Spring Council Roundup
During its annual spring meeting, SfN Council reviewed the Society’s financial position, engaged in discussions around the Society’s advocacy activities, support for trainees, and annual meeting survey, as well as met with directors of more than 13 neuroscience-related institutes and centers of the National Institutes of Health (NIH).
Planning Programs That Enhance Member Value
Staff reported to Council on programmatic activities, priorities, and strategies being carried out across the organization, including:
- Planning for Neuroscience 2017
- Continued innovation and excellent science in eNeuro and The Journal of Neuroscience
- The growing array of professional development and training programs available on Neuronline
- An update on the future direction and ongoing redesign of BrainFacts.org
- The continued emphasis of creating and enhancing member value
In light of the continuing economic challenges facing the next generation of neuroscientists, Council voted to add $100,000 in funds for Trainee Professional Development Awards (TPDA) for young scientists interested in attending Neuroscience 2017 in Washington, DC, increasing the availability of support to approximately 200 awards. The goal of these awards is to promote the career advancement of neuroscientists from institutions worldwide. SfN supports the next generation of neuroscientists so they can further their education and careers in research and make new discoveries that advance science.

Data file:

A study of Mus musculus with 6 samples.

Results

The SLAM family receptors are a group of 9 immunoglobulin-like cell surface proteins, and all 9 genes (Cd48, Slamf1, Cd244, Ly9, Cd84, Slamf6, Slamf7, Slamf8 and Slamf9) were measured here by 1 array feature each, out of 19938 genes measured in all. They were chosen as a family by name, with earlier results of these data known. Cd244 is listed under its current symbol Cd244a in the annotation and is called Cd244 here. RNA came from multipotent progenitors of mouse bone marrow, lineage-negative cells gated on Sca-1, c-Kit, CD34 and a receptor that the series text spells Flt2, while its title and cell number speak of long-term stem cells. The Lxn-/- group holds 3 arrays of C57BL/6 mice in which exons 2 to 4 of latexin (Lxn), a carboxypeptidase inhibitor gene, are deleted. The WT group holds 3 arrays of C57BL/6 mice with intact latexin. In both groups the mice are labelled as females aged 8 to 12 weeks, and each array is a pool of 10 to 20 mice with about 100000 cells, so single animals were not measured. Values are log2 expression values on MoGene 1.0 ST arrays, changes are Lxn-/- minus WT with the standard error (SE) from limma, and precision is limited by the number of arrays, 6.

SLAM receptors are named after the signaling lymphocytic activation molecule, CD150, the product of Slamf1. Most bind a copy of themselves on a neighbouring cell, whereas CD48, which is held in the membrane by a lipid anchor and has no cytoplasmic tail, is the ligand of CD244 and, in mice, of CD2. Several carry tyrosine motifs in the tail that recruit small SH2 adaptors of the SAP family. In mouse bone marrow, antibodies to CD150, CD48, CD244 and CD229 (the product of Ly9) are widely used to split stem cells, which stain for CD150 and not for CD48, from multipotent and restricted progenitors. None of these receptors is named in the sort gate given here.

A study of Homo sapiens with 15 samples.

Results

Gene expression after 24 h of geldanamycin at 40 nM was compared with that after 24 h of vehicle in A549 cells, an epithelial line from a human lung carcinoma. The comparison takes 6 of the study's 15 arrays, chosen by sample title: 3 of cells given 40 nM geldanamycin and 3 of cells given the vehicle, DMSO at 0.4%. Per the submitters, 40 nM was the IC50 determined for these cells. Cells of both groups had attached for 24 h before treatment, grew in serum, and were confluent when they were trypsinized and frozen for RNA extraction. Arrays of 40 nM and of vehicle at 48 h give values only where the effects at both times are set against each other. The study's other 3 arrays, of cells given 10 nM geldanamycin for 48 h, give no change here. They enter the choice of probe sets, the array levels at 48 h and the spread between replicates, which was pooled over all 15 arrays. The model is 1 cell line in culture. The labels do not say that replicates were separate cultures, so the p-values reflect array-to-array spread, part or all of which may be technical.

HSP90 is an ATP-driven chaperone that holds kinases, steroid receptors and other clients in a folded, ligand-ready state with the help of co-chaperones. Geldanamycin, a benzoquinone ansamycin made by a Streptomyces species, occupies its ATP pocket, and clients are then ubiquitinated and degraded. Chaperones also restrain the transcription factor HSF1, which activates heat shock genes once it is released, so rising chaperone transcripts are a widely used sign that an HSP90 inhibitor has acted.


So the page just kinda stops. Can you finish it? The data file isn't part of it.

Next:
Council received an update on the leadership role that SfN continues to play on issues related to advocacy and public outreach, which is seen by members as one of the most important activities of the Society. On March 23, the Society held its 11th annual Hill Day, which provided members and volunteers the opportunity to meet with their members of Congress and discuss issues affecting the field. During this year’s Hill Day, SfN volunteers met with 54 congressional offices to discuss the latest advances in neuroscience and to urge strong federal funding for biomedical research. Sharing stories about neuroscience discoveries and the resulting economic and health benefits to society, SfN volunteer advocates connected their research advances to the support they receive from federal agencies like NIH and NSF. Rep. Earl Blumenauer (D-OR), co-chair of the Congressional Neuroscience Caucus, joined the breakfast meeting that kicked off the day to share his perspective on current developments in Congress and to thank SfN members for their participation.
SfN Council and senior staff also met with NIH leaders during the spring meeting to discuss emerging issues related to the BRAIN Initiative, scientific funding, scientific rigor, the growing administrative burden on researchers, and other key issues of importance for the field.
Sustaining SfN’s Solid Financial Outlook
Council reviewed the Society’s fiscal outlook, which remains solid and well diversified in the face of continuing financial pressures faced by members and resulting modest “headwinds” on some SfN revenue sources. While ensuring a balanced budget and room for strategic program growth, the Society continues to moderate price increases that affect members, electing once again to keep member dues increases low. Council passed a budget for FY 2018 that integrates these priorities, freezes Institutional Program (IP) membership dues at the 2017 level for the 2018 and 2019 calendar years, and continues the freeze on membership dues at the 2016 rate for FY 2018.
At its summer meeting this August, Council will continue conversations around organizational strategic priorities and discuss potential priority areas for expanded and continued investment to enhance the reach and impact of SfN programs and advance the field.